Record season for ethanol in Brazil unlikely to be repeated

By Susanne Retka Schill | December 20, 2013

The Brazil ethanol industry saw record supplies for the 2013/2014 crush season just being wrapped up, and got a welcome boost from auto executives who said ethanol-powered cars are more viable for reducing pollution than electric vehicles.

The Brazilian sugarcane association, UNICA, reported the country is seeing record ethanol supplies in the 2013/2014 crush season that will be sufficient to cover the rapid growth in Brazilian fuel demand for light vehicles. The growth in production in a period when producers are not seeing profits may seem counter-intuitive, but is a reflection of efforts to reduce idle capacity, according to UNICA CEO Elizabeth Farina. "The search for cost reductions and the optimization of existing mills is what explains this season’s significant growth in production," she said.

The auto exec’s comments were made at a forum on economic development in southeast Brazil. The president of Mercedes-Benz in Brazil, Phillipp Scheimer, said the electrical grid in Brazil would not support mass utilization of electric vehicles. The president of Fiat in Brazil, Cledorvino Belini said ethanol is the best fuel alternative for cars in Brazil, and without a doubt flex-fuel engines are better than electric or hybrid cars in terms of efficacy and reduction of environmental impact. A month earlier, UNICA reported that German manufacturer BMW is rolling out flex-fuel vehicles for the Brazil market capable of running on E100. UNICA’s emissions and technology consultant, Alfred Szwarc, reported the BMW is an intelligent system equipped with a two-stage turbo, allowing it to operate efficiently with ethanol or gasoline.

In its monthly production report on the ethanol industry, UNICA technical director Antonio de Padua Rodrigues pointed out that the record growth in ethanol supply brought enormous benefits for the Brazilian light-fuels market: "In addition to meeting the extra demand for light fuels, the re-establishment of the anhydrous ethanol blend rate to 25 percent as of May of this year reduced the demand for pure gasoline and allowed Petrobras to raise its refining capacity by close to 10 percent, significantly reducing the need to import gasoline."

With a number of mills having wrapped up cane processing for the 2013/2014 season, the total crush grew by 60 million tons, UNICA reported. Most of the increase went towards ethanol production. From the start of the season through Dec. 1, ethanol production increased by 18.97 percent, while sugar production rose by just 0.66 percent. The December numbers confirm UNICA’s projections in early October, which pointed to a rise in ethanol production of 3.68 billion liters (970 million gallons) this season, with total production reaching 25.04 billion liters compared to 21.36 billion liters in 2012/2013. In addition to increased production, the ethanol supply for Brazil's domestic market also benefited from reduced exports, which are expected to total around 2.61 billion liters in 2013, or around 850 million liters less than the 3.46 billion liters exported from the South-Central region during the 2012/2013 harvest.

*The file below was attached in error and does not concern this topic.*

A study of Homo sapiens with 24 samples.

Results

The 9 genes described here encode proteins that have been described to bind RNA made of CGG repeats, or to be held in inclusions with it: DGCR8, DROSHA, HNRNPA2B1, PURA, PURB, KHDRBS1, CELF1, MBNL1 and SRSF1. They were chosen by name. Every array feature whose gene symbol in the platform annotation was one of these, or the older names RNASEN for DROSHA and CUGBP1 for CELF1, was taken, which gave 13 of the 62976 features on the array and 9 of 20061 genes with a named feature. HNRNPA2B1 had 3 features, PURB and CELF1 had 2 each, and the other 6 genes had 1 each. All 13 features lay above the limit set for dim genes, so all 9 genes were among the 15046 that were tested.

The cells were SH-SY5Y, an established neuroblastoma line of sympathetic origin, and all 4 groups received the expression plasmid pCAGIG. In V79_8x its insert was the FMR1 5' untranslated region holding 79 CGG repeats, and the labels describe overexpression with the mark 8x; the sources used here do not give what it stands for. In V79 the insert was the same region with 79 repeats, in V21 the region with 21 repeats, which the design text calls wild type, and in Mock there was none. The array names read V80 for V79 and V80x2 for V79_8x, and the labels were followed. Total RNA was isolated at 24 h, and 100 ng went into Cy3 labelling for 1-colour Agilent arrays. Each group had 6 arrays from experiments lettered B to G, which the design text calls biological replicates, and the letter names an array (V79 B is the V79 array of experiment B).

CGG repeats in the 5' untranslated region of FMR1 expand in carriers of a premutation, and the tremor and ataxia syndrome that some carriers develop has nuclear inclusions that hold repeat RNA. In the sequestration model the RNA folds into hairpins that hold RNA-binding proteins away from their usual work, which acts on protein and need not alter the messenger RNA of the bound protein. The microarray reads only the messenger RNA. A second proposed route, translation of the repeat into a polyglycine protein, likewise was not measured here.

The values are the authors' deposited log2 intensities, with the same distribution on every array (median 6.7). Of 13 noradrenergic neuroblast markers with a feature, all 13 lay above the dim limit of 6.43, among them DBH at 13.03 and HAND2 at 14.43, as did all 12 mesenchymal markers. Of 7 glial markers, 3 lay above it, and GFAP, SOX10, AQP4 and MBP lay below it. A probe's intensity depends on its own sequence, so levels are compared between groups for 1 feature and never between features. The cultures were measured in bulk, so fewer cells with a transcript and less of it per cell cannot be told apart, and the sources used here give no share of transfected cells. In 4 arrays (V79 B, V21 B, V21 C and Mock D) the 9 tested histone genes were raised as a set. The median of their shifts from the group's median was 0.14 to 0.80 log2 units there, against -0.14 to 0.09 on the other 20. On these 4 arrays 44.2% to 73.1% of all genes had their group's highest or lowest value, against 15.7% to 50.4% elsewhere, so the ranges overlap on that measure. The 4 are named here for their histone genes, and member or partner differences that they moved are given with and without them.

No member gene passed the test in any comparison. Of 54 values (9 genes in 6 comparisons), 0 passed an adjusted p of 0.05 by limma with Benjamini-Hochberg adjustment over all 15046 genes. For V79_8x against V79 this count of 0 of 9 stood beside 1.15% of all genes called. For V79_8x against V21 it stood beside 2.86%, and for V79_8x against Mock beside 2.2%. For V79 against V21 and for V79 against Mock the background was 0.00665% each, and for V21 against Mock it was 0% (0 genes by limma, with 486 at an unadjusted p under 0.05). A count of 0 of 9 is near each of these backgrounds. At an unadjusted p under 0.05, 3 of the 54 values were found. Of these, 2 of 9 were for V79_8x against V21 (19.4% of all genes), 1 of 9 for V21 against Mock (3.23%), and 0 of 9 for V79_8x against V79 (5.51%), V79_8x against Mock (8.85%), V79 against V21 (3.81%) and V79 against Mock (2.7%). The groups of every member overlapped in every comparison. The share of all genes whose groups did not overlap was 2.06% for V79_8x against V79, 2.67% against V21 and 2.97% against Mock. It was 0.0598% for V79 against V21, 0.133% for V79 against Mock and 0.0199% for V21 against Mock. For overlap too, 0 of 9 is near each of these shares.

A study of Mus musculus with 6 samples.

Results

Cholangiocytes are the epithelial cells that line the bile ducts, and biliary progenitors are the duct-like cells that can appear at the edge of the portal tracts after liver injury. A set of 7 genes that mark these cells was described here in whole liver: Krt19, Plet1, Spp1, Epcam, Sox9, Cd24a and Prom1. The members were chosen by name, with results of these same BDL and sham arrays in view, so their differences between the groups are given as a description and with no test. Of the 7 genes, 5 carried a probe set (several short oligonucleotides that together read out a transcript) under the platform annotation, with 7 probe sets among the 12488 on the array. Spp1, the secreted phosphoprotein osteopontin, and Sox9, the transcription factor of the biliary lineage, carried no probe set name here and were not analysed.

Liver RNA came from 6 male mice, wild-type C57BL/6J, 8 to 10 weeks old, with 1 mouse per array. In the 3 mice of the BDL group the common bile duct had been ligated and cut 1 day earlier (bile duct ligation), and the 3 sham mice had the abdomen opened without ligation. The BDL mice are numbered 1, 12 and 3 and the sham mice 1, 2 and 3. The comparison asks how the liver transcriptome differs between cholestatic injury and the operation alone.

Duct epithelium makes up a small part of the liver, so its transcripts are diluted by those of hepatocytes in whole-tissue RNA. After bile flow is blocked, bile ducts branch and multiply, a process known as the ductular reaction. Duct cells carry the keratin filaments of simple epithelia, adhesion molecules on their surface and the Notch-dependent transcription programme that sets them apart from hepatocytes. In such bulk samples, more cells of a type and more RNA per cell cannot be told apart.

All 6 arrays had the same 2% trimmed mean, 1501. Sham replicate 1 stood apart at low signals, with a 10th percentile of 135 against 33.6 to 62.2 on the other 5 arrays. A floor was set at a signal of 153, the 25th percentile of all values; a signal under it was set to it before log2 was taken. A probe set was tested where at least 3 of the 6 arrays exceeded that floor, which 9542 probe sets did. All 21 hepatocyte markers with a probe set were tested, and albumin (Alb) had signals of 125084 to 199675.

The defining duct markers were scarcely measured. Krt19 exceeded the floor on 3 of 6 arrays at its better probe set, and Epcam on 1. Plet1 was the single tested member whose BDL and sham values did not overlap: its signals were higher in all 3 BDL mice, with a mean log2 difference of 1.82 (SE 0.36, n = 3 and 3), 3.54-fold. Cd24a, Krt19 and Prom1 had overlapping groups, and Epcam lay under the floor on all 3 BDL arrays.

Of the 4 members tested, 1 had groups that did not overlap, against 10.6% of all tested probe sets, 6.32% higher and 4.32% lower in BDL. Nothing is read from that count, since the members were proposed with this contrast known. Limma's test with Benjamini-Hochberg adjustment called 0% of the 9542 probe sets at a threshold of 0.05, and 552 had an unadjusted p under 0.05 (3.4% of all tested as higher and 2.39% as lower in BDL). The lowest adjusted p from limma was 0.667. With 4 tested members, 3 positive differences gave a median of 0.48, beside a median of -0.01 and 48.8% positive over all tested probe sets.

Putting together the rise in production and the drop in exports, the increase in total ethanol supply for the domestic market should reach around 4.53 billion liters this season. This is a record, surpassing increases registered in 2007/2008 (4.45 billion liters) and 2008/2009 (3.62 billion liters), a period during which more than 50 new mills were launched.

Farina said that several factors explain this season’s growth in ethanol production: "Increased demand stemming from the return to a 25 percent blend of anhydrous ethanol in gasoline, the condition of oversupply in the global sugar market, and the potential for hydrous ethanol demand resulting from the huge flex-fuel vehicle fleet in Brazil, especially in states that give differentiated treatment to hydrous ethanol in applying the ICMS (state) tax."

Prices gathered by the University of São Paulo's Center of Advanced Studies in Applied Economics (CEPEA) show that the revenues obtained by mills in São Paulo state from sugar and ethanol sales through November of this year were 9.21 percent lower than during the same period last year. The progressive drop in revenues observed over the last three seasons, together with the financial losses of firms in the sugarcane industry, have produced a worrisome situation, UNICA said. Last year, on average, mills dedicated close to 15 percent of their income to servicing debt.

Farina pointed out that over the course of this year, several government actions eased the situation, including tax reductions for sugar and ethanol, policies for financing ethanol stockpiles and a program to assist cane-field renovation. She added that the growth in production witnessed this season is something that probably will not be repeated in the coming years. "In the current context, returns don't justify the construction of new units," Farina said. "Even if decisions to build new mills were made immediately, at least three years would be needed for the start-up of operations and another two years for them to operate at full capacity."